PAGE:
Course description and expected learning outcomes

This course is offered for the first time in the first semester of the academic year 2020-21 in co-teaching with Professor Corneliu Bjola (Oxford University). The course will allow students to understand the meaning of public diplomacy and the relationship between diplomacy and technological change; 2) to create significant links between pre-digital traditional forms of diplomacy and the present digitalization of diplomatic practices; 3) to assess whether digital diplomacy is introducing original and critical insights into the conditions that allow digitalization to inform foreign policy. Case studies of relevant digital tools and the analysis of platforms that are being currently used by embassies and foreign ministries in their work, would allow students to observe and reflect - in their course work - on concrete examples of the present transformation towards digital diplomacy.

Programme and Contents

Public diplomacy is an integral part of state-to-state diplomacy: the conduct of official relations by diplomats representing sovereign states. The new trend towards public and digital diplomacy will not in the short term displace traditional state-to-state diplomacy as practiced by foreign ministries, but it will impact the way foreign ministries plan their activities. By calling attention to the changing landscape that new approaches and technological innovations create for diplomatic practice, this course seeks to explain what new dynamics, developments and trends have emerged at the intersection of diplomacy and digital communication, including social media, and to assess the implications of the digital transformation of diplomatic theory and practice. The main issues/questions presented and discussed by this course are the following:

1) To what extent digital diplomacy represents either an evolution or a revolution in the practice of diplomacy?

2) How effective is digital diplomacy in advancing the foreign policy agenda of a country?

3) How has crisis communication evolved as a result of the digital age?

4) What are the challenges and drawbacks of using digital tools during a crisis (both consular and diplomatic)?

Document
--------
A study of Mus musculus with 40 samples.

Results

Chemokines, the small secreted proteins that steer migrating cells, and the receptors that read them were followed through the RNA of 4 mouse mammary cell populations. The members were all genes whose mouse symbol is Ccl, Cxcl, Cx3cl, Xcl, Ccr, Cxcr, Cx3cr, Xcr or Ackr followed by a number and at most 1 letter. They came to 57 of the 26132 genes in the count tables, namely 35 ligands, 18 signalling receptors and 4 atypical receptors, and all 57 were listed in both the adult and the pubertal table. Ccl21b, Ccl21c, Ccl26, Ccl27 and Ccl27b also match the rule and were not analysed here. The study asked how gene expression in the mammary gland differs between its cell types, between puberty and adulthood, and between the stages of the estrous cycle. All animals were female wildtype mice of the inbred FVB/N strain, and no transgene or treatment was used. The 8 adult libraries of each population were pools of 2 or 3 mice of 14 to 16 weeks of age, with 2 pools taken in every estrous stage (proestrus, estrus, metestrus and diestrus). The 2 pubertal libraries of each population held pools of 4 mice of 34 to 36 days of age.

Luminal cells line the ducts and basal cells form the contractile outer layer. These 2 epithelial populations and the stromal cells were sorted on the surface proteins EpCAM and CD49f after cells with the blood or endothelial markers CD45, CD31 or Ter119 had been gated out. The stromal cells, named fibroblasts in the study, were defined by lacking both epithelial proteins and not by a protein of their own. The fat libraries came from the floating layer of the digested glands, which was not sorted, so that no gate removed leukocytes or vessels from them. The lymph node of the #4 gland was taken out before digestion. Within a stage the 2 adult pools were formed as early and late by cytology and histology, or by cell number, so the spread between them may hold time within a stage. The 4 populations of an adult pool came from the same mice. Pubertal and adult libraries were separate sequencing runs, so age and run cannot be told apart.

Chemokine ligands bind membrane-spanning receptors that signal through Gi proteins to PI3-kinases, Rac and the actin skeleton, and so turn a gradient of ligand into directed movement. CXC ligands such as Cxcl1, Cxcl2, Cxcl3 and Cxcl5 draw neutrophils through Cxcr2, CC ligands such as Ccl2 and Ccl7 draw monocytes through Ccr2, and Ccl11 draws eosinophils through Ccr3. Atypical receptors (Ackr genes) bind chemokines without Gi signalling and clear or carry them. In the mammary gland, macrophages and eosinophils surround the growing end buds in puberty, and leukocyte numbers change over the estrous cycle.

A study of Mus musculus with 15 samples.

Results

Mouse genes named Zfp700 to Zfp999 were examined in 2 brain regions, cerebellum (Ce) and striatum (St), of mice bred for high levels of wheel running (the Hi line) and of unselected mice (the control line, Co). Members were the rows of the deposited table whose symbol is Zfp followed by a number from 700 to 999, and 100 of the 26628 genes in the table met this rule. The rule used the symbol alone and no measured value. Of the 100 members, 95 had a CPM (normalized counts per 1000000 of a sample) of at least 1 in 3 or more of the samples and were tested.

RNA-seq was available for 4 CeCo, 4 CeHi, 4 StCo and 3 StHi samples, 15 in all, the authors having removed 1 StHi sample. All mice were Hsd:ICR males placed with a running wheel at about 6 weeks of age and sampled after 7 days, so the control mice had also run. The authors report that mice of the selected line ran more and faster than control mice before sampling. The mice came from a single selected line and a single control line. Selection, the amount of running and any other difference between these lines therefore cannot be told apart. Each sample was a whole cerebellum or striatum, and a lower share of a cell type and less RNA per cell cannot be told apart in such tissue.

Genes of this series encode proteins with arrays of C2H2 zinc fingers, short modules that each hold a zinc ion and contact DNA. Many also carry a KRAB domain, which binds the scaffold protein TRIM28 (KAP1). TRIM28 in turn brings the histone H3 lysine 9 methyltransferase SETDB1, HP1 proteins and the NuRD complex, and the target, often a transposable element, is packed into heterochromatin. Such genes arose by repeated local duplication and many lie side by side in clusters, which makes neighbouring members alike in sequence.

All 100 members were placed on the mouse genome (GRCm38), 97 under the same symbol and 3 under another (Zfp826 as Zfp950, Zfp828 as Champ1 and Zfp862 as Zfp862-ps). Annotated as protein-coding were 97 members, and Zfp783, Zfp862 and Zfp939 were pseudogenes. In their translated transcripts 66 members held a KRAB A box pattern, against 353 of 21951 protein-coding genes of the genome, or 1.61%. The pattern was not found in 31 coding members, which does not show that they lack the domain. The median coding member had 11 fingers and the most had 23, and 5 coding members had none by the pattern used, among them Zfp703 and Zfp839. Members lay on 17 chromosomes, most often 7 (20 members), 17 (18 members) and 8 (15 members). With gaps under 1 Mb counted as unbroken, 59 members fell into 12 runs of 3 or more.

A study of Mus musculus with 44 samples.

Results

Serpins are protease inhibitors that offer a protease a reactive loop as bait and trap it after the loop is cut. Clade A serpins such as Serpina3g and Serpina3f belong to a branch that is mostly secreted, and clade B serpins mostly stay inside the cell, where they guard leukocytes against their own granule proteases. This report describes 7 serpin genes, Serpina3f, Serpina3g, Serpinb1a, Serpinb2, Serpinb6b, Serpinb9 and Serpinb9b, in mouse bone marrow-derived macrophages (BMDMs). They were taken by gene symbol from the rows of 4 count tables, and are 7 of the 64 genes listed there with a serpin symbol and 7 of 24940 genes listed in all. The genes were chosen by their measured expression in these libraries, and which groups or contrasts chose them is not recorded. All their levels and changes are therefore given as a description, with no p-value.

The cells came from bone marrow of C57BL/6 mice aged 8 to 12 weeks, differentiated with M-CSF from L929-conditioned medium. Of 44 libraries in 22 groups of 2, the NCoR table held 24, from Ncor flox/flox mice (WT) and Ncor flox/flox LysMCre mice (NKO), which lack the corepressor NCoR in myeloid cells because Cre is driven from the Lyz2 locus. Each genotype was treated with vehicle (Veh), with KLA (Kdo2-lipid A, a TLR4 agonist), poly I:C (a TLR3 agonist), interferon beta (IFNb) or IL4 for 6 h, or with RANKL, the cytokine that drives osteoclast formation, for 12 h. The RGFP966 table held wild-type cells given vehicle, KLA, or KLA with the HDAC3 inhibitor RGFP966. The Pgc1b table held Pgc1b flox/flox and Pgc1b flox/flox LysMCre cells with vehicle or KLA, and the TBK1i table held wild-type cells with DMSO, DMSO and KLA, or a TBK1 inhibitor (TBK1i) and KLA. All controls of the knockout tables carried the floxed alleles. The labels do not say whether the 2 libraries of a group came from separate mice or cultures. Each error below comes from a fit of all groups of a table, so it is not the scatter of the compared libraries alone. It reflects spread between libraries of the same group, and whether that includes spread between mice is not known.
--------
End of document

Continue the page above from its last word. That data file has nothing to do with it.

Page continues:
5) How is social media used for disinformation and propaganda purposes?

6) Do we have tools at our disposal or can we device some to counteract digital disinformation campaigns?

Teaching Methods

This course offers two weekly teaching sessions over six weeks by Professor Bjola and Professor Poggiolini focusing on the contents previously listed. Lectures will have a strong interactive component and will provide students week by week with specific readings and support to carry on their course projects.

Recommended Readings

Bjola, Corneliu, and Marcus Holmes (eds). 2015. Digital diplomacy: theory and practice. Milton Park, Abingdon, Oxon; New York: Routledge.

Bjola, Corneliu and R. Zaiotti (eds.), Digital Diplomacy and International Organisations. Milton Park, Abingdon; New York: Routledge (forthcoming 2020).

Manor, Ilan, The Digitalization of Public Diplomacy (Palgrave, 2019)

Sandre, Andreas. 2015. Digital diplomacy: conversations on innovation in foreign policy. Lanham: Rowman & Littlefield.

Course Assessment

Participation counts for 25 % of the grade. Aside from regular attendance, you will be required to submit one short comment (task) on the readings each week to the teaching assistant.

At the end of the course, students will be asked to address 12 questions (2 per session) in the multiple-choice format. The multiple-choice exam will count for 50% of the grade.

As part of a team, you will prepare and submit a digital diplomacy project (25%) from a list of choices, to be discussed with the convener of the course and the teaching assistant.